The center of Yasmina Khadra’s lush novel, What the Day Owes the Night, is a painful story of unrequited love, certainly one of the most powerful and moving depictions of frustrated passion I have encountered in many years. Although the author uses a female pseudonym, both he and his protagonist are male. Years ago, at the beginning of his writing career when he was still an officer in the Algerian army, Khadra took a female pseudonym to “avoid submitting his manuscripts for approval by the army.” With the success of his earlier works, there was no reason not to continue using “Yasmina.”
In the central story, a seventeen-year-old Muslim Algerian named Younes is seduced by a woman old enough to be his mother. The woman is Madame Cazenave, who comes to the pharmacy where Younes’ adoptive parents work in order to get a prescription filled. When Younes delivers the medicine to her house later in the day, she initiates him into sexual activity. He assumes that the relationship will continue, but it does not.
Then Younes mostly forgets the incident because by then he’s become pals with several young men, mostly the sons of Europeans who live in Río Salado, where Younes lives with his uncle and aunt who have raised him as their son. Younes’ pals are a privileged sort, from elite families, accustomed to an easy life. Though some of his friends have girlfriends, Younes does not.
Then one day Younes is introduced to Émilie and is instantly smitten by her beauty, as are all of his friends. As the narrator describes it, “Spring was gaining ground. The dew on the hills shimmered in the dawn light like a sea so inviting you wanted to strip off, dive in and swim until, exhausted, you found a shady tree where you cold lie and dream, one by one, of the things the good Lord had made. Every intoxicating morning was a miracle, every stolen moment a fragment of eternity. In the sunshine, Río Salado was a marvel. Everything the sunlight touched turned to dream; nowhere in the world had my soul ever found such peace.”
Suddenly, everything changes. Algeria is on the verge of a grisly prolonged war for independence that will destroy the camaraderie of Younes’ tight coterie of friends. Everyone will be forced to take sides. Are they Algerians/Muslims or French/Christians? But before the war becomes the major problem, Younes realizes that he is in love with Émilie, though one of his closest friends has spoken for her first. Émilie makes it clear to Younes that he is the young man she loves. Then the bombshell: the young woman is Madame Cazenave’s daughter. To make matters worse, the older woman confronts Younes and forbids him to be with Émilie, using as her trump card the judgment that any such relationship would be incest. And out of a sense of honor, Younes promises the older woman that nothing will ever happen between him and her daughter.
It’s the fatal error of his life, similar to another tragic relationship at the center of The Museum of Innocence, by Orhan Pamuk. The two novels share a number of similarities. Each focuses on the effects of thwarted passion, of bad decisions that young people make and for which they pay the rest of their lives. In Émilie’s case, she cannot understand why Younes abruptly stops seeing her. He never reveals what happened between him and her mother.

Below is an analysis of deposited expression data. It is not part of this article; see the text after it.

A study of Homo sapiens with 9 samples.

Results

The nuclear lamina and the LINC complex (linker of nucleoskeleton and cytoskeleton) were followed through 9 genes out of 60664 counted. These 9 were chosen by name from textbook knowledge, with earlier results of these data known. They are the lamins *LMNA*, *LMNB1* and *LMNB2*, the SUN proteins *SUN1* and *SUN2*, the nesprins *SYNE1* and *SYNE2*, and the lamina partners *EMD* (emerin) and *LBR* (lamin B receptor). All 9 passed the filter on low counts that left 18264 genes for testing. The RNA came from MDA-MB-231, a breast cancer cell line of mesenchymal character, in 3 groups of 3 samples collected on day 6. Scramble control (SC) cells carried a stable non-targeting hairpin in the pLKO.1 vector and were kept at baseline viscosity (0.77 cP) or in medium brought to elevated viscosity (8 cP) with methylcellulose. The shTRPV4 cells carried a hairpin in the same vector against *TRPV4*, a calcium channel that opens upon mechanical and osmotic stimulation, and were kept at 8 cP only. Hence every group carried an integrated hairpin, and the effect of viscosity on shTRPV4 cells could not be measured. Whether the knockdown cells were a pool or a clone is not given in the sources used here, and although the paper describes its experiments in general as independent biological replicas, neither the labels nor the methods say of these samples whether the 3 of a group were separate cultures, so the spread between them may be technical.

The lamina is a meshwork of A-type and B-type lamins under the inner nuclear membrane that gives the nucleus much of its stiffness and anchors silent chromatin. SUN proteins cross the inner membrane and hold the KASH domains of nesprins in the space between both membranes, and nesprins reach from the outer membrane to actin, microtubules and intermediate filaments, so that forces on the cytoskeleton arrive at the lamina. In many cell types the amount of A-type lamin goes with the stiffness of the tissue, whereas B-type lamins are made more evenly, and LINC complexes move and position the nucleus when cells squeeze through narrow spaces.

I have summarized this startling love story because it is only one aspect of Khadra’s extraordinary novel, which begins and ends in a completely different environment and context. At the beginning of the novel, Younes is ten, living with his biological parents on a farm in Algeria, where his father has rarely been able to eke out a living. One year, the wheat is finally plentiful and the boy’s father believes that his years of hard work will finally be rewarded. Then a fire destroys the entire harvest and Younes’ father, defeated, drags his family to Oran, where he has an older brother who is educated and a successful chemist/pharmacist. But Younes’ father is too proud; he will accept no assistance from his rich brother, until things become so grim for the family that finally Younes is given to the uncle to raise.
I am somewhat aghast at the lack of attention given to What the Day Owes the Night, which ought to be widely available and reviewed. I purchased a copy of the British edition of the novel in Johannesburg and when I checked the title back in the United States, I discovered that the book is only available in a Kindle edition, likely to be overlooked. Let’s hope not. If you admire good writing, I highly recommend What the Day Owes the Night. The translation from the French by Frank Wynne is gorgeous. The novel is filled with dazzling language and quotable passages. In spite of much of the harsh background to the story—especially Algeria’s brutal war for independence—this is a novel to savor, to relish, one imaginative scene and one memorable character after another.
What the Day Owes the Night
By Yasmina Khadra
Translated by Frank Wynne
William Heinemann, 392 pp., £12.99
CHARLES R. LARSON is Professor of Literature at American University, in Washington, D.C.